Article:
The Legal Implications of Detecting Alzheimer’s Disease Earlier



In addition to my work as an historian, I am also a JD/MA Bioethics candidate at the University of Minnesota Law School. Ever since I first read David Eagleman’s book Incognito (2011), I’ve been enamored with the field of “neurolaw,” i.e. the intersection of law and neuroscience. I’ve been lucky to pursue this interest professionally, setting out on a path that’s taken me to Eagleman’s Center for Science & Law, the magazine Voices in Bioethics, and more recently the Shen Neurolaw Lab here at the University.

Though I’ve only been with the lab since May, things have been moving along quickly. There’s more coming down the pipeline, but I’m pleased to say that last month the American Medical Association Journal of Ethics published a co-authored essay in its “Ethics in Neuropsychology” issue. Our paper is titled “The Legal Implications of Detecting Alzheimer’s Disease Earlier” and as its lead author, I’m especially proud of it for two reasons. First, it’s been an honor to work alongside Professor Francis X. Shen, undoubtedly one of the top neurolaw scholars in the field today. The guy’s brilliant. Second, it gave the lab an opportunity to develop some “first thoughts” on a topic that will, within the next decade, move the hand of the legal system. After all, as doctors get better at detecting the physiological indicators of Alzheimer’s disease long before there are behavioral changes, how should law and medicine respond?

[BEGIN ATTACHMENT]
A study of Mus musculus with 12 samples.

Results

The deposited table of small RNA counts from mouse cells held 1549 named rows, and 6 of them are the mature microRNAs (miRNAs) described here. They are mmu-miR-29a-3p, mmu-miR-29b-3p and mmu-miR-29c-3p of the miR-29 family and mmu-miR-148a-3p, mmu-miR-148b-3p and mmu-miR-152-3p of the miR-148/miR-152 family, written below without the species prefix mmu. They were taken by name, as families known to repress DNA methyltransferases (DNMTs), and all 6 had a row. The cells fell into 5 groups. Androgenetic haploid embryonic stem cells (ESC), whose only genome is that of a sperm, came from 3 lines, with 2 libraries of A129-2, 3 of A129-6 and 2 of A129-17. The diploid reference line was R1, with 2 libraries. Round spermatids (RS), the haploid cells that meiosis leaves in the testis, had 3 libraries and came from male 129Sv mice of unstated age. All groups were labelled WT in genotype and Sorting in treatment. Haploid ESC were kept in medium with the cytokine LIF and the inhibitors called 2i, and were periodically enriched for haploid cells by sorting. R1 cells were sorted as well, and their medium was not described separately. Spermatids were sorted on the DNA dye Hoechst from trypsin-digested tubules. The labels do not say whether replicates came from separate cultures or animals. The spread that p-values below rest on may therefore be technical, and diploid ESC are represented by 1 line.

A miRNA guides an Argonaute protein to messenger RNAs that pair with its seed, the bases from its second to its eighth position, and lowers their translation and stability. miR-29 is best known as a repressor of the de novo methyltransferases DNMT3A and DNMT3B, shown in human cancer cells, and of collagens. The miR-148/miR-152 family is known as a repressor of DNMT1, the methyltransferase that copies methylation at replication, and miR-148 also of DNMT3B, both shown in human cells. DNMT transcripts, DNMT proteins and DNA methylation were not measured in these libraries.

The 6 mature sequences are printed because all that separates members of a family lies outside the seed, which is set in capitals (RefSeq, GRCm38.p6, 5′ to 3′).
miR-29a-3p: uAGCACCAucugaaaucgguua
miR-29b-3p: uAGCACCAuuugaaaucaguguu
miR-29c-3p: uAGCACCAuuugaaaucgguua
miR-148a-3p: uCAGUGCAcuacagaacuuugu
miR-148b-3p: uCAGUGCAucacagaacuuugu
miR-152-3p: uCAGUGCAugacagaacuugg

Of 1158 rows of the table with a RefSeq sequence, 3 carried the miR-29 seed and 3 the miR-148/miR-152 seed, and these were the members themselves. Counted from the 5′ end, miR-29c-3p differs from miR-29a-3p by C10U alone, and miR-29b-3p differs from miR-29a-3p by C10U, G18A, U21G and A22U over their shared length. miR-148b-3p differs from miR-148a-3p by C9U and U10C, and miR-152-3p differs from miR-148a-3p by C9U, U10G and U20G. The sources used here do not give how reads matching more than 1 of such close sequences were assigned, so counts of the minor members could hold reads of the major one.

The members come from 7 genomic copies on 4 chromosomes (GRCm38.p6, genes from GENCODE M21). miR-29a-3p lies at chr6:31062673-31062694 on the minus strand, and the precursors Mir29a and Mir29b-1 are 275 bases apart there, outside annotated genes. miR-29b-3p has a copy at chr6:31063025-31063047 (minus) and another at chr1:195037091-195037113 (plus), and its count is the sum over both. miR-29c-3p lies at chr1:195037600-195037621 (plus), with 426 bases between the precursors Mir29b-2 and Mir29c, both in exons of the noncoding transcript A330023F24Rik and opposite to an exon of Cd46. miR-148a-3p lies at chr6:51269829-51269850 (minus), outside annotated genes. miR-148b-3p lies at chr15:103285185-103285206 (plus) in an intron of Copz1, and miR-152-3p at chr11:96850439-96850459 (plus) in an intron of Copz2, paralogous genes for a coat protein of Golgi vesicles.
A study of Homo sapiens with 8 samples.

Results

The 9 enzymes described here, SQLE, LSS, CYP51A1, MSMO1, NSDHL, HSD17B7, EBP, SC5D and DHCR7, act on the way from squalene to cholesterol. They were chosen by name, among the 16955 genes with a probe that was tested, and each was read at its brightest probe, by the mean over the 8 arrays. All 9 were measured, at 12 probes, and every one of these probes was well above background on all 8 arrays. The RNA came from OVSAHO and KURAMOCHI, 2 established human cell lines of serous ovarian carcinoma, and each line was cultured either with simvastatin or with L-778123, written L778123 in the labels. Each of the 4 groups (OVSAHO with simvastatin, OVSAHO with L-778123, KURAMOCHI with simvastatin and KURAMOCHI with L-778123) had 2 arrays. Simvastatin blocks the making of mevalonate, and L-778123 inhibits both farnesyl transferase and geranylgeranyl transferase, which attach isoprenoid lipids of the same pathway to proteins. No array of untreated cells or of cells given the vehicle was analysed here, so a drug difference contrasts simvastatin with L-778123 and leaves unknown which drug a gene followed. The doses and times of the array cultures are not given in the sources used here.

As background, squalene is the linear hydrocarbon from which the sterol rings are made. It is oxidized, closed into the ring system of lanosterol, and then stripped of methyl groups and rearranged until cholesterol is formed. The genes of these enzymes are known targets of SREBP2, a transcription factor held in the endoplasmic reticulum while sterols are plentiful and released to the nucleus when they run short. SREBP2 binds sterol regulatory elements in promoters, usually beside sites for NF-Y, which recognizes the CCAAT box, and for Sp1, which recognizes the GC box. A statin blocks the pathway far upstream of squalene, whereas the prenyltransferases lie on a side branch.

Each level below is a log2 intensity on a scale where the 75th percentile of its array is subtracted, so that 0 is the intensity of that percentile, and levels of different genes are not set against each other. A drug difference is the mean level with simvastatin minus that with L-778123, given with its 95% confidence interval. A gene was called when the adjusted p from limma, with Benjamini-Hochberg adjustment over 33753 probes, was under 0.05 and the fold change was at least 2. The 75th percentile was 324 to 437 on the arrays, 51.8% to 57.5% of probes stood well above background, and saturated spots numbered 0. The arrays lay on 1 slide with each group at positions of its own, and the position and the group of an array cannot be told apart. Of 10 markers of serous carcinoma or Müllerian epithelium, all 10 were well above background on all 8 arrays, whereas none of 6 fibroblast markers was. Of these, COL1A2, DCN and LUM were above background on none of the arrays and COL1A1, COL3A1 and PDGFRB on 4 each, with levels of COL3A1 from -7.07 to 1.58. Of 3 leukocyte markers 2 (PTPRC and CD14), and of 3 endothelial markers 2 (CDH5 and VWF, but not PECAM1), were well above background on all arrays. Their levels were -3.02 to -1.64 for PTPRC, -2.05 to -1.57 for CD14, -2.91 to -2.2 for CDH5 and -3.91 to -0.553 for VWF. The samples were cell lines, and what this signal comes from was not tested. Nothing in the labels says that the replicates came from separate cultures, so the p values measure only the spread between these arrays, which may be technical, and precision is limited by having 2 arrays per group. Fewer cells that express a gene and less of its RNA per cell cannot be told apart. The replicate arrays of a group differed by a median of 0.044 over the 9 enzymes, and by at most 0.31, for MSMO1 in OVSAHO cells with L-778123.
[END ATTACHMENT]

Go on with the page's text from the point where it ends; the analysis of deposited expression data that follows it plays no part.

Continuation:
Here’s the abstract:

Early detection of Alzheimer’s disease (AD) raises a number of challenging legal questions. In this essay, we explore some of those questions, such as: Is a neurological indicator of increased risk for AD a legally relevant brain state before there are any outward behavioral manifestations? How should courts address evidentiary challenges to the admissibility of AD-related neuroimaging? How should the government regulate the marketing of neuroimaging diagnostic tools? How should insurance coverage for the use of these new tools be optimized? We suggest that many voices and multidisciplinary perspectives are needed to answer these questions and ensure that legal responses are swift, efficient, and equitable.

You can read the full article on my Academia.edu page here.


Citation: Joshua Preston, Jaleh McTeigue, Caitlin Opperman, Jordan Dean Scott Krieg,Mikaela Brandt-Fontaine, Alina Yasis, and Francis X. Shen, The Legal Implications of Detecting Alzheimer’s Disease Earlier, 18 AMA Journal of Ethics 12 (2016): 1207-1217.